Pacific Security Scholars (PSS) policy papers are now available, examining security issues and policy implications of emerging security issues in the Pacific region. Lora Vaioleti examines the impact of climate change on food security in Tonga and Briar Thompson examines the impact of 3D Printing on security in Pacific Island Countries.
The inaugural class of the Pacific Security Scholars (PSS) Program provided leading post-graduate and research degree students from Pacific Island countries with an opportunity to be part of the global discourse on “International Security and the Pacific Islands.” The Federation of American Scientists, Pacific Islands Society, Emerging Science and Technology Policy Centre, Center for Australian, New Zealand and Pacific Studies (CANZPS) at Georgetown University, and Pacific Society at SOAS joined as official partners for its inaugural year.
Under the close guidance of leading experts in relevant fields, the participants the unique challenges faced by the Pacific Islands. The papers produced by the program’s inaugural class includes in-depth analyses on a security issues ranging from climate change to food security. Their insights are designed to offer tangible policy recommendations to policymakers and policy stakeholders. In so doing, it is hoped that they will provide a valuable mechanism for empowering young leaders from the region to be recognized as next generation leaders for emerging security issues on the world stage.
About the Scholars:
Briar Thompson is a Rhodes Scholar from New Zealand pursuing graduate study at Somerville College, University of Oxford. She has completed an MSc in Refugee and Forced Migration Studies, in which her thesis focused on how the protection needs of those vulnerable to displacement linked to environmental stress might be provided, with particular reference to Pacific small island states. Starting this fall, Briar will be reading for the Master of Public Policy at Oxford’s Blavatnik School of Government, where she intends to continue relating her studies to the Pacific region. Briar’s essay examines the impact of 3D printing in Pacific Island countries and security concerns associated with this technology and is available here (PDF).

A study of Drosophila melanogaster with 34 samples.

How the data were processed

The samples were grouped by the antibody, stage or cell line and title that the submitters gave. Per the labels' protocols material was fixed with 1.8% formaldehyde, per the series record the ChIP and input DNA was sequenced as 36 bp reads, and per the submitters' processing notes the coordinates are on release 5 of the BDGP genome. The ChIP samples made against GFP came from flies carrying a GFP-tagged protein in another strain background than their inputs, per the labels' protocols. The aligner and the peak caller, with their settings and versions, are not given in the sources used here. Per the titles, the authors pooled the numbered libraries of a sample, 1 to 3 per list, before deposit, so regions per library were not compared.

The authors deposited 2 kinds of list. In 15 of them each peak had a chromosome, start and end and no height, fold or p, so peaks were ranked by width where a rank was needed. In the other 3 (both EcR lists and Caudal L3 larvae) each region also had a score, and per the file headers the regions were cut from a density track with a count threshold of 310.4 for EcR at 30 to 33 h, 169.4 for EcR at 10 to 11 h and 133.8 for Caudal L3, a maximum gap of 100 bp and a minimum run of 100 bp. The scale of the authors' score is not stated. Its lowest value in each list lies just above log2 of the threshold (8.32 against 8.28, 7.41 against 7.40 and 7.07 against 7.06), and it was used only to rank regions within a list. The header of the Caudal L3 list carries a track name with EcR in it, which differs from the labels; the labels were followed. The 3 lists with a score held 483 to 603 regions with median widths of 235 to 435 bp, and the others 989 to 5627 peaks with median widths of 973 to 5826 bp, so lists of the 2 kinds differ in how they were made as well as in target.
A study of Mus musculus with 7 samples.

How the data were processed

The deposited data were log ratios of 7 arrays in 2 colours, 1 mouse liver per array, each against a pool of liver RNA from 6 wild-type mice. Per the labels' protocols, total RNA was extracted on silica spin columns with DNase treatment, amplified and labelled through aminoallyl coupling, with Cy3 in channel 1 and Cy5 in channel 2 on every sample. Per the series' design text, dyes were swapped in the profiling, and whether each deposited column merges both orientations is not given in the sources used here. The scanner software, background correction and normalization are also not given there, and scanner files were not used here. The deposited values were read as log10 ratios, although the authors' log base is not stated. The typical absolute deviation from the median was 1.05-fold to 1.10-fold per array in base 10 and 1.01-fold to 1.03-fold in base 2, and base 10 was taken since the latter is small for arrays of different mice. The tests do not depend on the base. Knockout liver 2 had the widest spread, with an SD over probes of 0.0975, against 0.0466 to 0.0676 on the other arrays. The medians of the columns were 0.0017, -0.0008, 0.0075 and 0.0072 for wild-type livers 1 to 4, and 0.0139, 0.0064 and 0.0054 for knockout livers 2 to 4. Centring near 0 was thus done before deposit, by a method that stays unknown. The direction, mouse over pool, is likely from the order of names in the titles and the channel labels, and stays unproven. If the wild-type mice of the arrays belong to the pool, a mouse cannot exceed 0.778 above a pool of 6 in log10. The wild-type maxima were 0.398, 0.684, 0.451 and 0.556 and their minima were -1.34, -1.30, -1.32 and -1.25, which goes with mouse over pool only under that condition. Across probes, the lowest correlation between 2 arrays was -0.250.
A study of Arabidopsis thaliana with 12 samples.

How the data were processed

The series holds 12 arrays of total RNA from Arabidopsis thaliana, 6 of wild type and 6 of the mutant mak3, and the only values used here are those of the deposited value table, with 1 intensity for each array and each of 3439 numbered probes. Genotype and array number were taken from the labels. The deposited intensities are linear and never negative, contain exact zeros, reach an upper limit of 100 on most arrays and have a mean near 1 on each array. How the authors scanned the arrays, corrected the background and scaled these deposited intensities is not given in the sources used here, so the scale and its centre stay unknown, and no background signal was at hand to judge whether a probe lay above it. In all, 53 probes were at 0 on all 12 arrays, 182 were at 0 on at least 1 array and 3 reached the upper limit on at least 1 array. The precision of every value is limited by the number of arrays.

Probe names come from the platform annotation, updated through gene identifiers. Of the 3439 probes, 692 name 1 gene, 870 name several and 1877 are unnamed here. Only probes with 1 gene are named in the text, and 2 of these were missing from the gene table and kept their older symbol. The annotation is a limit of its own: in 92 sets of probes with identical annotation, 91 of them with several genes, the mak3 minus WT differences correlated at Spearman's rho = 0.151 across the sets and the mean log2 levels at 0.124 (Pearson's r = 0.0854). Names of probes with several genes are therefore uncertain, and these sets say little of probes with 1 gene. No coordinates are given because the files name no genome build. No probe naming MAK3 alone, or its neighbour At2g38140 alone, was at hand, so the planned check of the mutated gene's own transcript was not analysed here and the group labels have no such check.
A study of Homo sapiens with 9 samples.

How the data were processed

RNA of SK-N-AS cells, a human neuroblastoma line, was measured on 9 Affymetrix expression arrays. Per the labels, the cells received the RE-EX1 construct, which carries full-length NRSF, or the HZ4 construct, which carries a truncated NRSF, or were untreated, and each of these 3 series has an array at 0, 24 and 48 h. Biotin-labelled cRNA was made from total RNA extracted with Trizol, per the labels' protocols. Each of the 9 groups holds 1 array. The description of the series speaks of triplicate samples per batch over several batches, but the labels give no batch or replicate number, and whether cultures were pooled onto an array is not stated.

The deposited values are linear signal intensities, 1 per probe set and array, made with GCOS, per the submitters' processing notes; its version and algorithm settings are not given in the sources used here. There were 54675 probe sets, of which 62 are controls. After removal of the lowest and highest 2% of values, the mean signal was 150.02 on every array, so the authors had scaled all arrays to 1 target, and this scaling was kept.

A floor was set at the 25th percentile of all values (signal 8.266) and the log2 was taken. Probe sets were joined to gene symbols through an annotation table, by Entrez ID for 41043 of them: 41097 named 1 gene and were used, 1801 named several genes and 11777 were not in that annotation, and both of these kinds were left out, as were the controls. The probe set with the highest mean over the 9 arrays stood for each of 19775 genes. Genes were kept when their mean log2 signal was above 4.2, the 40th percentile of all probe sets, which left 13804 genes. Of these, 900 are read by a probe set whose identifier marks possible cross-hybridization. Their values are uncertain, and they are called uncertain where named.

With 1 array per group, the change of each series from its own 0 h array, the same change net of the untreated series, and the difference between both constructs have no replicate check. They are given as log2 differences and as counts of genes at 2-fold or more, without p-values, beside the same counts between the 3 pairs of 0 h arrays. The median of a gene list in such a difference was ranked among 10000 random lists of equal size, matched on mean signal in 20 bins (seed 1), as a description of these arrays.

Lora Vaioleti is a Fulbright scholar who recently worked in a leadership development and strategy role for the Global Islands Partnership (GLISPA). A New Zealander of Tongan ancestry, her work has centred on exploring human security challenges within the wider Pacific, especially in regards to climate change and forced relocation. To this end, Vaioleti has led national, regional, and international research projects for a number of Pacific-focused organizations. A continuing research fellow for the Center of Unconventional Security Affairs at the University of California, Irvine, and the Indigenous Maori and Pacific Adult Education Charitable Trust (IMPAECT), she continues to research the latent value of traditional Pacific social practices in increasing human security and social resilience to both abrupt and long-term climate change effects. Vaioleti received a Masters of Management with a concentration in Sustainability from the University of Waikato, New Zealand, and a Bachelor of Physiotherapy from the University of Otago, New Zealand. Lora’s essay examines climate change and its effect on food security in Tonga and is available here (PDF).